Lawyers defending the New York Power Authority from post-Irene lawsuits are asking to move cases out of Schoharie County, contending it would be tough to find an impartial jury there.
Civil actions filed in the aftermath of the 2011 tropical storm allege the NYPA failed to properly maintain and operate its hydroelectric facility on the Schoharie Creek before flooding wiped out several neighborhoods.
Schoharie County, the Middleburgh Central School District, the towns of Schoharie, Blenheim, Esperance, Fulton and Middleburgh and the villages of Esperance, Schoharie and Middleburgh all filed a lawsuit in 2012.
Also filing actions involving private properties were Nickerson Park Campground in Gilboa and Parcels Plus LLC, John R. Seebold, Yon Suk Seebold, Floyd A. Guernsey and the FA Guernsey & Co. Inc., all of Schoharie.
The combined actions, seeking more than $100 million in damages from NYPA, allege the authority was negligent in its operation and maintenance of the Blenheim-Gilboa Pumped Storage Facility in southern Schoharie County.
Motions filed last month by NYPA attorneys ask all cases be handled simultaneously for discovery purposes — and if a trial becomes necessary, they want it held in Columbia County.
Along with the actions against NYPA, there are two other major lawsuits filed in the wake of the disaster:
• Parcels Plus LLC., John R. Seebold, Yon Suk Seebold, Floyd A. Guernsey and the FA Guernsey & Co. Inc. filed a state Supreme Court lawsuit against the New York City Department of Environmental Protection. The DEP manages the Gilboa Dam, which holds back the Schoharie Reservoir, one of several that supply drinking water to residents in New York City.
That lawsuit contends the DEP didn’t adequately maintain, regulate or control the massive runoff that spilled over the dam in August 2011.
John R. Seebold, an attorney representing himself and the other property owners, did not return messages seeking comment last week and this week.
• Nearly 60 property owners in the Schenectady County hamlet of Rotterdam Junction filed a lawsuit against the New York State Canal Corp.
That suit, filed in the state Court of Claims, alleges the Canal Corp. failed to properly maintain and control the canal system’s locks so massive rainfall could drain out of the watershed.
In court papers filed in state Supreme Court in Schoharie County, NYPA attorneys argue most Schoharie County residents who might be picked for a jury are still reeling from the biggest nightmare to hit the region in decades.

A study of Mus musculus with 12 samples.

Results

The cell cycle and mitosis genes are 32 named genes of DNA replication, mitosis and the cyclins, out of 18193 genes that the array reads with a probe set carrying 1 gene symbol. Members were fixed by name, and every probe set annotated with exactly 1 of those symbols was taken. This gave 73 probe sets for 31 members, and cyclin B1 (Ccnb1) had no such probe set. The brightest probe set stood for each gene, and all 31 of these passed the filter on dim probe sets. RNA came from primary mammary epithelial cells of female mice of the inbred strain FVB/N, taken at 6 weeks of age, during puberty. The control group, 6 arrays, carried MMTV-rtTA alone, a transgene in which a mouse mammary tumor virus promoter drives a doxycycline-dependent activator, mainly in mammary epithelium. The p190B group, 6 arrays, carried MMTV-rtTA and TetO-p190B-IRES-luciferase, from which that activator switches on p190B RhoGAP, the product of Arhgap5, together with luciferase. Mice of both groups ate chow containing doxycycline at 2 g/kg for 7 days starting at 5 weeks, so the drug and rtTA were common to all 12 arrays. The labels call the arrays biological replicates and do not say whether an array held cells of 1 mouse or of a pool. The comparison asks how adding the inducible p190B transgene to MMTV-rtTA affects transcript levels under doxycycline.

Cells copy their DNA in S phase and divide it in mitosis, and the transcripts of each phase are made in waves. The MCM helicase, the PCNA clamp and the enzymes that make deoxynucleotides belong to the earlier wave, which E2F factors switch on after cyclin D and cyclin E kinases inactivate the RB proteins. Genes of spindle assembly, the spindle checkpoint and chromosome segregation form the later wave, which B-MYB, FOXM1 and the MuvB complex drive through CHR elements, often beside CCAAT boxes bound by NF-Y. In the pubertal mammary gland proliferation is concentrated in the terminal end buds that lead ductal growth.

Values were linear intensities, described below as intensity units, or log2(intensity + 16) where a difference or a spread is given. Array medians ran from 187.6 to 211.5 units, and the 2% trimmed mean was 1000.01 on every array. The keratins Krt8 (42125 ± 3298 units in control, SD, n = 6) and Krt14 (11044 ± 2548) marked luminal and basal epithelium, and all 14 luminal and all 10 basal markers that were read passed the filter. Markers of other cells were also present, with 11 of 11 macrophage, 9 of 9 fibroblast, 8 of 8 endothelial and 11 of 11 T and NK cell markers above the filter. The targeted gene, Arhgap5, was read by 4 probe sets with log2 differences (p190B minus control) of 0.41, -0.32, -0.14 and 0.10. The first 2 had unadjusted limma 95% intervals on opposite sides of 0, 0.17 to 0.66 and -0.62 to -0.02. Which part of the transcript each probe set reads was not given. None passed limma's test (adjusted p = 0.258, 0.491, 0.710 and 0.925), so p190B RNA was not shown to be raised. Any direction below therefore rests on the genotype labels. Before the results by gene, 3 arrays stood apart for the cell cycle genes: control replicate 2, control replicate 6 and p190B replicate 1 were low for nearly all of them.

NYPA hired the Siena Research Institute at Siena College to poll Schoharie County residents about their knowledge and experience with Hurricane Irene and its impact, if any, on their lives.
“The survey results clearly show that the storm’s extensive impact on the potential jury pool creates a strong possibility that even those who believe they can set aside their views will inevitably bring into the jury room personal experiences from the storm,” NYPA’s attorneys state in the motion.
The Albany law firm of Whiteman, Osterman & Hanna LLP is defending NYPA in the case. Attorney Margaret J. Gillis could not be reached for comment Thursday.
The Siena Research Institute said a total of 719 Schoharie County residents were questioned in March as part of the survey.
The survey examines the impact Tropical Storm Irene had and still has on the Schoharie County populace. More than half of those questioned either suffered damage themselves or have a relative or close friend whose home, business or possessions were damaged.
Eighty-five percent of these people identified damage in excess of $5,000 — and the bulk of them are still dealing with the mess.
“A large majority of those with knowledge of damage to family/friends, say that the damage suffered by those family/friends has not been made whole at this time with 64 percent of those with family/friends having experienced damage saying it has not been fully repaired/replaced and 32 percent saying that it has,” the Siena affidavit states.
The survey states the storm’s impact was clearly widespread — 75 percent of those questioned both lived in the county at the time of the disaster and had family or friends living in the county.
“Thus, the survey confirmed what common sense predicted: that the overwhelming majority of Schoharie County residents have such extensive experience with the storm and storm damage that there is a strong possibility that a fair trial cannot be had in [Schoharie County],” lawyers for the NYPA state in the filing.
NYPA also commissioned another research firm that determined Columbia County, situated south of Albany County along the Hudson River, is demographically similar enough to Schoharie County to serve as a trial venue.
The attorney representing Schoharie County, the school district and other municipalities, Joel M. Howard III of the Albany law firm of Couch White, declined to comment on the case.
According to the office of state Supreme Court Justice Eugene P. Devine, a Nov. 22 calendar date was set for the motion requesting a change of venue.